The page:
Hello, Sonakshi here.
Innovations reporter, PSFK, released their ‘Future of retail’ report this month, containing the usual mix of future trends and hair-brained concepts from left-field creatives. There can be a tendency to show off whizzy features first, and actual, practical usefulness second… so the real clever stuff stands out when the customer’s put first and smart thinking triumphs over smart tech.
Below is an idea that stood out, plus a couple of other interesting things happening online.
(Don’t worry – there’s no mention of the bloody John Lewis advert)
BMW – The Experience
An idea relatively sacrificial in terms of direct sales , focuse d on giving new customers an insight into the work of the German maker.
This retail concept experience involves being picked up by a BMW, driven to an exclusive event, learning about the brand, and being immersed in a full sensory show. You’ll get sales spiel – however not from BMW, but BMW drivers – more useful and likely to generate more authentic advocacy.
It’s a concept, but I love its originality. I’m not target audience – I’d opt for a 1957 Mercedes 300 SL myself – but the idea of a brand creating an expression of themselves as something I could enjoy whether I buy or not , trumps adverts telling me to buy a BMW for the kudos .
CAMPAIGN / TECH
Burberry / Mario Testino / Snapchat
I didn’t really want to mention Burberry again this month, but this is rather good.
Their latest campaign picked up on the urgency of fashion by launching their SS16 collection via Snapchat. A series of images, shot by Mr Testino were live to those in the know for just 24 hoursbefore the catwalk show in London. It attracted enormous attention; as much for the mobile-only social platform as the collection and photographer themselves.
This is brilliant not because Snapchat is ‘cool’ but because it demonstrates how well Burberry understand their audience. Nobody (they’re interested in talking to) uses desktops, it’s happening in people’s hands and it’s happening now. Somewhat unnerving. Think about it too long it’ll send your head into a spin. But if you consider they’ve come to understand that’s where their customers are, then just built ideas from there, it’s easier to fathom, and makes perfect sense.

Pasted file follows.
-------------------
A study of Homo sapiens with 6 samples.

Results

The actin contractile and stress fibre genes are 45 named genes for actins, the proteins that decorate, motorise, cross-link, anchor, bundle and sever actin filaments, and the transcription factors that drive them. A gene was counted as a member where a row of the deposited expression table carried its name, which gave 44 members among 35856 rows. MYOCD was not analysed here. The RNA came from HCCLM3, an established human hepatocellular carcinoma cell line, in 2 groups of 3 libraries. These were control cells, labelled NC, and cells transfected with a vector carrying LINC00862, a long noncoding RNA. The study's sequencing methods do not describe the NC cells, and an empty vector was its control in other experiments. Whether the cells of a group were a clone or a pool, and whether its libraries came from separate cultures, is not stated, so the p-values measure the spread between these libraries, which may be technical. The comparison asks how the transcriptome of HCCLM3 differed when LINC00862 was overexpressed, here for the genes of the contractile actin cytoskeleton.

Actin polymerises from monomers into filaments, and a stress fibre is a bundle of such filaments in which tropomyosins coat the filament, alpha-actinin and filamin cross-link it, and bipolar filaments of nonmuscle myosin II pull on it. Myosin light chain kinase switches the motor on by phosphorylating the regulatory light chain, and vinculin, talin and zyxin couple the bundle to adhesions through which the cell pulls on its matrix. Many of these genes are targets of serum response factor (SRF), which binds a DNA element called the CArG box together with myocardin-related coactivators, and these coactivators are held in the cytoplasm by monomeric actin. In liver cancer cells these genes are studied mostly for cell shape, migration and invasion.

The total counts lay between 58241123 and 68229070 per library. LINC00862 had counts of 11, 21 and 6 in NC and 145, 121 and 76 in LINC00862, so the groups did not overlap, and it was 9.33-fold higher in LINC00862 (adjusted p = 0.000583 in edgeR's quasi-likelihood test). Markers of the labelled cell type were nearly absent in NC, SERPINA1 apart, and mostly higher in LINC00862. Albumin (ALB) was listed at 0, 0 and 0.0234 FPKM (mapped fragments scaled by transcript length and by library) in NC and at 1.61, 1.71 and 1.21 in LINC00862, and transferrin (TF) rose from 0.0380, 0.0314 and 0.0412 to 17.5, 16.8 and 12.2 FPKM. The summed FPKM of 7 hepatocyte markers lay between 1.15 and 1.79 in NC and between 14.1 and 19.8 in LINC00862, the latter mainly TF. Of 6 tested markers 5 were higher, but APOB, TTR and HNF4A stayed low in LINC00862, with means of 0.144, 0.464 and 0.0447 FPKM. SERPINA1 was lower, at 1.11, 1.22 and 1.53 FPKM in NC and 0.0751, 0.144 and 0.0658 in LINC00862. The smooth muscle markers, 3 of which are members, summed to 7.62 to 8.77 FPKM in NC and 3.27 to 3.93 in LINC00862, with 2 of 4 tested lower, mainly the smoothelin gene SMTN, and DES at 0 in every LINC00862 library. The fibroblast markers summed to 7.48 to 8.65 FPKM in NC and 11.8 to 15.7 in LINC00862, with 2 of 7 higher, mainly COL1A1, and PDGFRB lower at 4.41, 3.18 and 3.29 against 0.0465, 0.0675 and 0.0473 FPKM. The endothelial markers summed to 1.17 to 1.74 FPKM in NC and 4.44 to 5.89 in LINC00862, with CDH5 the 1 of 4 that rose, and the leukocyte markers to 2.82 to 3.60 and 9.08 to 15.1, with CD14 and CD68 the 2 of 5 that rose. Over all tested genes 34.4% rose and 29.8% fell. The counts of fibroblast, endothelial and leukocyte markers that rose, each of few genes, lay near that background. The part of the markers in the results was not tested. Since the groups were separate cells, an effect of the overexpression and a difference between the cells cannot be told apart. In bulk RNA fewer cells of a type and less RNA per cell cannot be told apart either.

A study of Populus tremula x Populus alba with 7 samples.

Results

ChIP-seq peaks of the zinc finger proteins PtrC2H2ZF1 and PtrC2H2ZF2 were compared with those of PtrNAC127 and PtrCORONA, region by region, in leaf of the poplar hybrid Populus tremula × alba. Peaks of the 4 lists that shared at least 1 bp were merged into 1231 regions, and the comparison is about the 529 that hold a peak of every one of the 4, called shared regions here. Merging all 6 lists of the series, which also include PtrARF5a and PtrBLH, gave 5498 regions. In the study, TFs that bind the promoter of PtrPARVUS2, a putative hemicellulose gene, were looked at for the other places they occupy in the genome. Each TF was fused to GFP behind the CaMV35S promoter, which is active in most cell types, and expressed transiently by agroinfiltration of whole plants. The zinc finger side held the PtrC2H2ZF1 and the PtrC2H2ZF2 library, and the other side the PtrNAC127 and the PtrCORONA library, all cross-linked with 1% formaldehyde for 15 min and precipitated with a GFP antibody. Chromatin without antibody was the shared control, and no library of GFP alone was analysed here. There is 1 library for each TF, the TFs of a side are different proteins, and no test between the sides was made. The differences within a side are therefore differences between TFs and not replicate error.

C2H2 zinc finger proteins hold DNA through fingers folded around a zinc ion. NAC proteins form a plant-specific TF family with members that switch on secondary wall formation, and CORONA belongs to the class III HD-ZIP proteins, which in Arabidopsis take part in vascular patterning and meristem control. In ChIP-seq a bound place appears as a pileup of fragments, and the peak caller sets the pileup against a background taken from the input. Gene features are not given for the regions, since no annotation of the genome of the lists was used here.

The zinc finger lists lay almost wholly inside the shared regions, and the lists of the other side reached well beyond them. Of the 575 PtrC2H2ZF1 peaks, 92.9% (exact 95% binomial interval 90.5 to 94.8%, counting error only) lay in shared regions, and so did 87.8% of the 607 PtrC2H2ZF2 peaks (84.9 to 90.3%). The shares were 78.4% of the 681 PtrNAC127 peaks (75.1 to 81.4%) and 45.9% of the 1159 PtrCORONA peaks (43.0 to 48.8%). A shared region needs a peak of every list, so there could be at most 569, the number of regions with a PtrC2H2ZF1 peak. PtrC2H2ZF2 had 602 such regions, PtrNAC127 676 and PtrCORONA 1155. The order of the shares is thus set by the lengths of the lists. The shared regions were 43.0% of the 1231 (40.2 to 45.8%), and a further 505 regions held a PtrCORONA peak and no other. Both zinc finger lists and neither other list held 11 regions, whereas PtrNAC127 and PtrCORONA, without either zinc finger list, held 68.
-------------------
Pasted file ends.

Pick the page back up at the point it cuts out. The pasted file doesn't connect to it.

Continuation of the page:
REI – OptOutside
Sorry – I also didn’t want to mention Black Friday – but American outdoors brand REI have done something worthy of mention.
As most brands begin putting in extra security and hiding away breakables ahead of today’s ridiculous sales, REI have done the opposite. They’re closing all 143 of their stores and told staff to take the day off and go outside and do something other than shopping. They also invite us to do the same.
We exist in a mad consumerist age where for many, ownership and status have replaced enjoyment of freedom and life. Brands today have such immense power of suggestion and influence over people (more than governments on occasion), it’s time they used it to do good.
This is so incredibly brave, and a bold step towards making the world a better place.
I don’t believe I ordered this?
So since last month I’ve added a few new people I’ve met to this list, as such you may be wondering why on earth this email has landed in your inbox.
It’s really rather simple: as part of my work I spend a lot of time researching and gathering information on what’s happening within the digital world. Some things are good, others not so. I thought it’d be a useful exercise to share that research yourself, to let you know what’s going on and the sorts of things we look at.
If of course you’d prefer not to know, please email me email@example.com and let me know.